From George Skene Keith
Keith hall by Aberdeen N. Britain July 1st 1791
A Clergyman of the Church of Scotland takes the Liberty of writing your Excellency on a subject interesting to mankind—and begs you will accept of the small publication which accompanies this Letter—The subject is at present under discussion in the Assembly of the United States: and the Author would not have troubled your Excellency, if he had not bestowed more labour on that subject than he believes any man existing has done.1
A Copy in Manuscript was sent you about 9 months ago to the Care of Dr Nesbit Principal of Carlisle College near Philadelphia as the author has been long in terms of intimacy with that Gentleman—But as it may have been miscarried, a copy of the publication is now forwarded to your Excellency.2
The writer of this is Nephew to the late Reverend Mr John Barclay, Rector of St Luke parish Maryland, who was honoured with the Friendship—or at least much indebted to the patronage, of your Excellency—Soon after his first settlement in Virginia he married a couple without the consent of their parents—Your Excellency saved him from the consequences; and though he lived not to see your Glory, in a public character, he spoke and wrote of you in a becoming manner3—His Nephew therefore has a private motive for writing you—And has the honour to be with very high Esteem Sir Your Excellencys Most Obedt Servt
Geo: Skene Keith
George Skene Keith (1752–1823), eldest son of James Keith of Aquhorsk in Mar, near Aberdeen, Scotland, was educated at Marischal College and the University of Aberdeen in the late 1760s. After the death of his uncle in 1772, Keith relinquished his plans of moving to America and pursued a clerical career in Scotland. He was ordained in May 1778 to the living of Keith-Hall and Kinkell, Aberdeen, “a very tolerable Benefice” and later claimed that during the Revolutionary War he “was one of the few Scotch Clergymen, who did not pray for the Destruction of the American Rebels” (Keith to GW, 14 Jan. 1792). Keith’s investigations into methods for equalizing weights and measures, based upon the adoption of the second’s pendulum as a standard, were presented to a committee of the British House of Commons in early 1790 and supported in Parliament by Sir John Riggs Miller on 13 April 1790. Miller’s speech was reprinted in the press and consulted by Thomas Jefferson in preparation of his own report on weights and measures (Parliamentary History of England, description begins The Parliamentary History of England, from the Earliest Period to the Year 1803. 36 vols. London, 1806–20. description ends 28:639–49; Jefferson to Speaker of the House of Representatives, 4 July 1790, Jefferson Papers, description begins Julian P. Boyd et al., eds. The Papers of Thomas Jefferson. 40 vols. to date. Princeton, N.J., 1950—. description ends 16:623–24).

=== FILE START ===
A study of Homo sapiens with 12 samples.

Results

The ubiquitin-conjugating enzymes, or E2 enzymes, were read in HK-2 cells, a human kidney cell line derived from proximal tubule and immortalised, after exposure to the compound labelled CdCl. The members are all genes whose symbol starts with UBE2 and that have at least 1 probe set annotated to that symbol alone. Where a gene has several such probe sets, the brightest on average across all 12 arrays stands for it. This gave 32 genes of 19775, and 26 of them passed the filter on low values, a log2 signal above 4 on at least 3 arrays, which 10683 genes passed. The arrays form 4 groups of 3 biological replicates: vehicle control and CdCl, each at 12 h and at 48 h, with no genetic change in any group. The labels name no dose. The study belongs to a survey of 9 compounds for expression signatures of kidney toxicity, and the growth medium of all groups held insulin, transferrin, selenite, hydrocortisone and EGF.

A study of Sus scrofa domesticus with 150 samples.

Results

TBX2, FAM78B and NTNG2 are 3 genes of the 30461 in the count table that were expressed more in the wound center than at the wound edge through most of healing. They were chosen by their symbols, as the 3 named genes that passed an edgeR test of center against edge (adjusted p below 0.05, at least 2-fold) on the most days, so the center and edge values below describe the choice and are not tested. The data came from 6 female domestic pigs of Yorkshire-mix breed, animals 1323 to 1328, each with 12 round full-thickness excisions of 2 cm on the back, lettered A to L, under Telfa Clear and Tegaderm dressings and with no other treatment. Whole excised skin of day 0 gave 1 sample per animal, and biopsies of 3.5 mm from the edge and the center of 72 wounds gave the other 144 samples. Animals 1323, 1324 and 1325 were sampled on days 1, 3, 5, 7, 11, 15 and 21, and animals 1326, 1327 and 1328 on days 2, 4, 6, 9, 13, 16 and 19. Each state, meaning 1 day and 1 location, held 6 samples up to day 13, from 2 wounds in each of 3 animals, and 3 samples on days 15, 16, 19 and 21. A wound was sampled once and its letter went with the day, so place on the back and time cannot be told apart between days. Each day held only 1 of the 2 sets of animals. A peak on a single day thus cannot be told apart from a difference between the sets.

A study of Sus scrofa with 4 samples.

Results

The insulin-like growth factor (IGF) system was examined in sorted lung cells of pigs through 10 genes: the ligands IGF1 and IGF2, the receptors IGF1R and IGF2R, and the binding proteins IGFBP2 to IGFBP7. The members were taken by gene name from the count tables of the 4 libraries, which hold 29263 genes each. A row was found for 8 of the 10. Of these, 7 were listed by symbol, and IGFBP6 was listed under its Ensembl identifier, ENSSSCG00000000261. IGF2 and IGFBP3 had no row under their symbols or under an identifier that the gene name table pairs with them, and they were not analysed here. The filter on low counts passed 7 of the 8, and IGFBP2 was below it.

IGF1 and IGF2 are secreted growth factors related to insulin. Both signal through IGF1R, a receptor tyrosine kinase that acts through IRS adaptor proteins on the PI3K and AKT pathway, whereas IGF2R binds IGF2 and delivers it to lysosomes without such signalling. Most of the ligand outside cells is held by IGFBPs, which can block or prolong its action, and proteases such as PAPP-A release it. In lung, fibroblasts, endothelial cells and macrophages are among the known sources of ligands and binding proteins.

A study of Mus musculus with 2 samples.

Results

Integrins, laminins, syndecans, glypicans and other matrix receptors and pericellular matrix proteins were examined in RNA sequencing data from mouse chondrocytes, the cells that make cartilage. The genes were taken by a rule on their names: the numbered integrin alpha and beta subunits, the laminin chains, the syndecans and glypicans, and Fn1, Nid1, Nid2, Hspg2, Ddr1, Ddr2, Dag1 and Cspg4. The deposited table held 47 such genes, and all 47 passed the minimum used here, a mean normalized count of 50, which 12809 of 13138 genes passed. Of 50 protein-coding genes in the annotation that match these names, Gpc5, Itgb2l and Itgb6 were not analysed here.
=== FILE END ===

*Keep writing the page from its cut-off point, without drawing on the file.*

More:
1. The enclosure was Keith’s 20–page Tracts on Weights, Measures and Coins . . . (London, 1791), two copies of which were in GW’s Mount Vernon library at his death (Griffin, Boston Athenæum Washington Collection, description begins Appleton P.C. Griffin, comp. A Catalogue of the Washington Collection in the Boston Athenæum. Cambridge, Mass., 1897. description ends 113–14). GW called congressional attention to the establishment of uniform weights and measures in his two 1790 addresses to that body, and both messages appeared in Britain shortly after they were delivered (GW to the U.S. Senate and House of Representatives, 8 Jan. and 8 Dec. 1790). See also Edward Newenham to GW, 31 Jan. 1791. On 15 Jan. 1790 the House ordered Jefferson to report on the subject, and Jefferson’s final draft was submitted on 4 July. The Senate committee to which it was later referred reported on 1 Mar. 1791 “that it would not be eligible, at present, to introduce any alteration in the measures and weights which are now used in the United States” (DHFC, description begins Linda Grant De Pauw et al., eds. Documentary History of the First Federal Congress of the United States of America, March 4, 1789-March 3, 1791. 20 vols. to date. Baltimore, 1972—. description ends 1:517–18, 661, 3:265, 509–10, 634, 641; Jefferson to Speaker of the House of Representatives, 4 July 1790, Jefferson Papers, description begins Julian P. Boyd et al., eds. The Papers of Thomas Jefferson. 40 vols. to date. Princeton, N.J., 1950—. description ends 16:623–24). Keith also sent Jefferson a copy of his pamphlet on 1 July 1791, as well as an unpublished criticism of Jefferson’s report (see Keith to GW, 14 Jan., and Jefferson to GW, 14 June 1792).
2. Keith had earlier sent a manuscript copy of his first tract, “Synopsis of a System of Equalization of Weights and Measures of Great Britain,” to Charles Nisbet (Nesbit) of Dickinson College in Carlisle, Pa., to be forwarded to GW, which was never done (see Keith to GW, 14 Jan. 1792). On 7 May 1792 Tobias Lear replied to Keith: “The manuscript Copy of this work which you mention in your letter to have been sent to the President some time ago, to the care of Doctor Nesbit, never came to his hands” (DLC:GW).
3. Anglican clergyman John Barclay (d. 1772) served Cumberland Parish, Lunenburg County, Va., after he immigrated to the colony in 1756. He was pastor to All Hallows Parish, Anne Arundel County, Md., in the early 1760s before being appointed rector of St. Luke’s Parish, Queen Annes County, Md., in 1763. Barclay dined at Mount Vernon at least twice in August 1769 (see Keith to GW, 14 Jan. 1792, and Diaries description begins Donald Jackson and Dorothy Twohig, eds. The Diaries of George Washington. 6 vols. Charlottesville, Va., 1976–79. description ends , 2:174–75). Keith might have been referring to Barclay’s reinstatement as minister to the 2d Virginia Regiment mentioned in William Byrd’s weekly return of 17 July 1758 (see James Glen to GW, 19 July 1758, n.4).